Central Bank targets 5% inflation for December


18
January


RBM Spokesperson Mbame Ngwira was speaking in view of growing down of inflation by 0.6 percent to 7.1 percent for December 2017 from 7.7 percent as of November 2017.


Ngwira said the downward trend of inflation which has been necessitated by stable fuel prices, tight monetary policy and a tight fiscal stance that has seen government spending within its budget will continue this year.


Malawi started registering single digit inflation in August 2017 when the rate ticked down to 9.3 percent from 10.3 percent.


That achievement came 6 years from the last time Malawi economy chalked single digit inflation during late Bingu wa Mutharika’s time.


From August 2017, the rate has kept slowing down every month, defying some analysts who predicted that the inflation would not stay single digit as Malawi entered lean period.


Between September and February, inflation tends to rise due to a number of factors. Tobacco sales will have closed, food supply reduces and spending on agriculture inputs commences.


However the economy is proving it is no longer seasonal as it is weathering the lean season confidently.


That the single digit was attained last year was even remarkable as economic analysts had earlier forecast that Malawi could only register single digit inflation mid this year.


At the time President Peter Mutharika took over government in May 2014, inflation was around 24 percent and it was one of the highest in COMESA region.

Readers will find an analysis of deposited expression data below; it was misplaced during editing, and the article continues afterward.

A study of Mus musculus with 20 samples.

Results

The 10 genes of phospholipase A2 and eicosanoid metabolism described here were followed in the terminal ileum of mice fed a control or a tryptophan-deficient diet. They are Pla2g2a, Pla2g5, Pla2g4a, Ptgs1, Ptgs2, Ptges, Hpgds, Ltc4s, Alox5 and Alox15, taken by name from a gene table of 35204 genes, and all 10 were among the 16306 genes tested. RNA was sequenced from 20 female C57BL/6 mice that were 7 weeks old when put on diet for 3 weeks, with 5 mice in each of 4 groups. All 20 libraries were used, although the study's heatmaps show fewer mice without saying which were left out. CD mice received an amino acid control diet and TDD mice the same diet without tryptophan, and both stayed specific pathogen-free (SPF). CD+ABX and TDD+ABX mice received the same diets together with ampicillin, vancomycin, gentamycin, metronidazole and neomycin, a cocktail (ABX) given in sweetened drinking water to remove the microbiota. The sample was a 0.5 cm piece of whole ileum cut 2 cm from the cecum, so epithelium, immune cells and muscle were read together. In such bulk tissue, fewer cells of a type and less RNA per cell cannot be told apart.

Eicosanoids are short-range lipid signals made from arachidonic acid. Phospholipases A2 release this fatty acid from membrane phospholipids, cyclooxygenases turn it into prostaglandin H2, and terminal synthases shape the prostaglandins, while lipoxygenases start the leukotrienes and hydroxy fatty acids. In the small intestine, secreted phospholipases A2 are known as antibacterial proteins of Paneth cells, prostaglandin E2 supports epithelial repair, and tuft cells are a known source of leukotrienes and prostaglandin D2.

Already battered by Joyce Banda’s Cashgate, the economy suffered further from devastating floods in 2015 and then severe drought in 2016.


The two natural disasters affected agriculture, the mainstay of Malawi’s economy.


But government remained steadfast on its sound economic management policies which have helped to tame inflation.


With the help of a good harvest last season, the raft of prudent financial management measures introduced and implemented by the Mutharika administration have restored confidence in the economy.


The economy is now on the path of recovery, experts agree.


The continued downward trend in inflation means prices of goods for consumers will remain stable.


High inflation rate leads to high cost of living, high cost of doing business and high cost of borrowing money for investment – all of which negatively affect the economy.